We ventured across the pond to meet some of the dedicated people who work at SeaWorld Parks & Entertainment, a leading theme park and entertainment company. SeaWorld Parks is one of the world’s foremost zoological organisations and a global leader in animal welfare, training, husbandry and veterinary care. In the latest film in this series, we meet Cara Martel, a Zoological Supervisor for one of the SeaWorld Parks – Busch Gardens in Tampa Bay, Florida. She works with amazing animals, right at the heart of one of the world’s best theme parks, and yes, we are incredibly jealous!
What’s the job?
Who would I be working for?
In Britain alone there are hundreds of zoos and aquariums, with a wide range of amazing creatures for visitors to learn about. Some might be quite small or specialise in one type of animal, but Busch Gardens Tampa Bay in Florida has more than 200 different species, from big cats like cheetahs, lions and tigers, to rhinos, sloths, giraffes, penguins and flamingos.
What do they do?
Manage a team that looks after the animals in a zoo. In a large zoo, they might take charge of one section, such as big cats or primates. Cara in this film looks after rhinos and hoofstock, which means any animals with hooves.
What sort of work is involved?
That’ll depend on how big the zoo is, but these are some of the things that could be part of the job:
- Deciding what the priorities are for your team and giving tasks to individuals or groups.
- Meeting with the zoo’s vets to discuss any problems that your animals are having, and working out how to deal with them.
- Talking to groundskeepers to ensure the animals’ enclosures are as close to their natural habitats as possible.
- Working on zoological research, which may involve trips overseas to an animal’s natural habitat.
- Taking part in, or leading, the zoo’s conservation programmes. This could also involve talking to zoo visitors about conservation or helping to raise money from the public and businesses so that the zoo can do more conservation work.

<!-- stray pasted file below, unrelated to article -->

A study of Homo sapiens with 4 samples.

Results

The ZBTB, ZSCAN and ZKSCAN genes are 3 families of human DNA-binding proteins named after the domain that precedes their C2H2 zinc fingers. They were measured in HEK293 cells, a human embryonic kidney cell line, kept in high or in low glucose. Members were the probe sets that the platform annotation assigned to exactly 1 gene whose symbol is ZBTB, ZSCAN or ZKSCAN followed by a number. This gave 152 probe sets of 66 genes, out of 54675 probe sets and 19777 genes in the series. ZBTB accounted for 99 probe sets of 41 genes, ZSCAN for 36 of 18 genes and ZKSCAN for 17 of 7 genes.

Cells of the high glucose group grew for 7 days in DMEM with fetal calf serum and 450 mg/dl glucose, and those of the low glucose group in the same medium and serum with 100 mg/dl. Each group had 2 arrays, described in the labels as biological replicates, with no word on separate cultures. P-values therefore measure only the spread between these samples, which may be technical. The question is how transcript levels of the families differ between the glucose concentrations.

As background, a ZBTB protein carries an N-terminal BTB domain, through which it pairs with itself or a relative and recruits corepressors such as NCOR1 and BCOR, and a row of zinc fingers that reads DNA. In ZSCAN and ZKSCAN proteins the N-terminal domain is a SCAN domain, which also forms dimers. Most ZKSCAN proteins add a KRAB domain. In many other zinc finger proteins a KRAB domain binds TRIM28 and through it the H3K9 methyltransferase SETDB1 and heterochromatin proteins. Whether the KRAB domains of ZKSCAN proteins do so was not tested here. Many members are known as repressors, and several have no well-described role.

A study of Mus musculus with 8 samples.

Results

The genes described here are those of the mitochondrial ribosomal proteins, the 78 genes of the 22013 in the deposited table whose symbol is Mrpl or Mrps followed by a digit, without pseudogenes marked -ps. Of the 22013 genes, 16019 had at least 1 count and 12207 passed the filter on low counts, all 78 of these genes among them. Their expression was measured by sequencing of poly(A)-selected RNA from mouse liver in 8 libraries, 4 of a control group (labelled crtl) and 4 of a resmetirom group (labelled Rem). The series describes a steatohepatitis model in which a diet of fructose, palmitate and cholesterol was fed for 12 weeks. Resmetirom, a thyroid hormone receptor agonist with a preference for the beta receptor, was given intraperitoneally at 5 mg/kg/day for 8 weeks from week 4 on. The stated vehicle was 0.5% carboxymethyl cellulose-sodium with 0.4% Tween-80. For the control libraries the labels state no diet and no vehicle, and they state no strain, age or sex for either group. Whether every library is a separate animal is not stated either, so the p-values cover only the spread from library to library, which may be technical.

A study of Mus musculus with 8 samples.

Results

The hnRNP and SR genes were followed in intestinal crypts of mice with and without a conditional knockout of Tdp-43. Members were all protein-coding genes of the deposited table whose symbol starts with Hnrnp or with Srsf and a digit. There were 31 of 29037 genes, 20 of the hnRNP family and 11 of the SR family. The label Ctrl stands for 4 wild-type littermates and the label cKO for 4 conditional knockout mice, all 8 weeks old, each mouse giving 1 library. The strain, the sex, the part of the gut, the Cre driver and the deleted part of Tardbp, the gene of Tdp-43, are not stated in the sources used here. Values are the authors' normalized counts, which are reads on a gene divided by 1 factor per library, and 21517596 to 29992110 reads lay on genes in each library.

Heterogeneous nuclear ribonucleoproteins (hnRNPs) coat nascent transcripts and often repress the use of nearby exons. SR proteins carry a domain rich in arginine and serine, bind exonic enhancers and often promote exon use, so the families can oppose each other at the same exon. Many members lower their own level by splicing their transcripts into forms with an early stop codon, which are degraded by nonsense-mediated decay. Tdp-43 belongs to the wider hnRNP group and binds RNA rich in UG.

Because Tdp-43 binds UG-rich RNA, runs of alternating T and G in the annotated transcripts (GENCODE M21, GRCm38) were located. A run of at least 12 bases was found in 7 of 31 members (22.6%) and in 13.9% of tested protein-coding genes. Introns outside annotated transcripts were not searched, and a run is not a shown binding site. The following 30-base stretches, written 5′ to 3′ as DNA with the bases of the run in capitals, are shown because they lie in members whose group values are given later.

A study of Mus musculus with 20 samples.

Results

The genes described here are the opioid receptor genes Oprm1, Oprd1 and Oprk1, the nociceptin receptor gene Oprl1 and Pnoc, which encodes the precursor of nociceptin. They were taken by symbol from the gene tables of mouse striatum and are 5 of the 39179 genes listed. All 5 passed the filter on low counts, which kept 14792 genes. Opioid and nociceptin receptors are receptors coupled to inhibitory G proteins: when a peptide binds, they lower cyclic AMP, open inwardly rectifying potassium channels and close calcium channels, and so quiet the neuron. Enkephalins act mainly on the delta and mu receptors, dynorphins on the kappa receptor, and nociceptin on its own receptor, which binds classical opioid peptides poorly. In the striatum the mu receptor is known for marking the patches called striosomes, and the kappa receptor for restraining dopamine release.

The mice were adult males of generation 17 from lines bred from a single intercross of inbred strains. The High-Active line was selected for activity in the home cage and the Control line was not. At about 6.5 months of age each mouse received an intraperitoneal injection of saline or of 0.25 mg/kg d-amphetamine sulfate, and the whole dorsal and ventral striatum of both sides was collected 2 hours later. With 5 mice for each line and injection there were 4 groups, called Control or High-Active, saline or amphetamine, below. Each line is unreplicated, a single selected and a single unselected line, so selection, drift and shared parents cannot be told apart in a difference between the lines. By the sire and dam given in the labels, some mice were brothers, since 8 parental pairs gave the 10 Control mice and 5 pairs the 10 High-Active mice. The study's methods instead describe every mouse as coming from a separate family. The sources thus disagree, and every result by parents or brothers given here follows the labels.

- Helping your team with any problems they have, and helping them to get the experience they need to keep improving their skills.
What skills do I need?
- Willingness to work outside in all kinds of weather – most places aren’t as warm and sunny as Florida, especially in the UK!
- The ability to be comfortable around all kinds of animals.
- Excellent verbal and written communication skills, as you will need to manage a team efficiently.
- Have meetings with senior management where you will need to explain clearly how your projects are progressing.
- Talk to scientists, vets and a wide range of people who need to be kept up to date with the animals in your care.
- Organisational and administration skills are also a must, as you’ll have lots of things to keep track of, including the animals you’re responsible for, your team, projects and budgets.
What qualifications do I need?
An interest in animals and the ability to pass this knowledge on to visitors and guests. Biology qualifications are very important, although you’ll also need management and business/administration skills too.
What hours would I work?
Most zoos and theme parks are open seven days a week all year round, and a role like this would involve working varying schedules, including some weekends and bank holidays. The conservation impact you have and the time spent with amazing animals make it all worthwhile though.
Where would I work?
Wherever there’s a zoo, which is pretty much everywhere!
How much would I get paid?
It’s difficult to say, as it’s not a common job and zoos are so different in size that responsibilities will change a lot between organisations.
Can I do work experience?
As with lots of zoo jobs, any practical experience you can get with animals is a good thing, so if there are local vets, zoos or farms you can help out at, get in touch with them and sound keen, and hopefully someone will give you a chance.
How might the job change in the future?
As more species become extinct, experts will have to decide which ones are most likely to benefit from being bred in zoological facilities. Places like SeaWorld Parks already invest millions of dollars conserving wild animals and wild places, as well as supporting critical conservation work on every continent. As technology develops, there will be more ways of diagnosing and treating animals, helping them to stay healthy for longer, so the care for the animals and people looking after them will have to adapt and keep up with these changes.
To find out about other exciting roles at the SeaWorld Parks, such as becoming a vet, an animal rescuer, or even a career as a theme park designer, then check out the rest of the films in the series!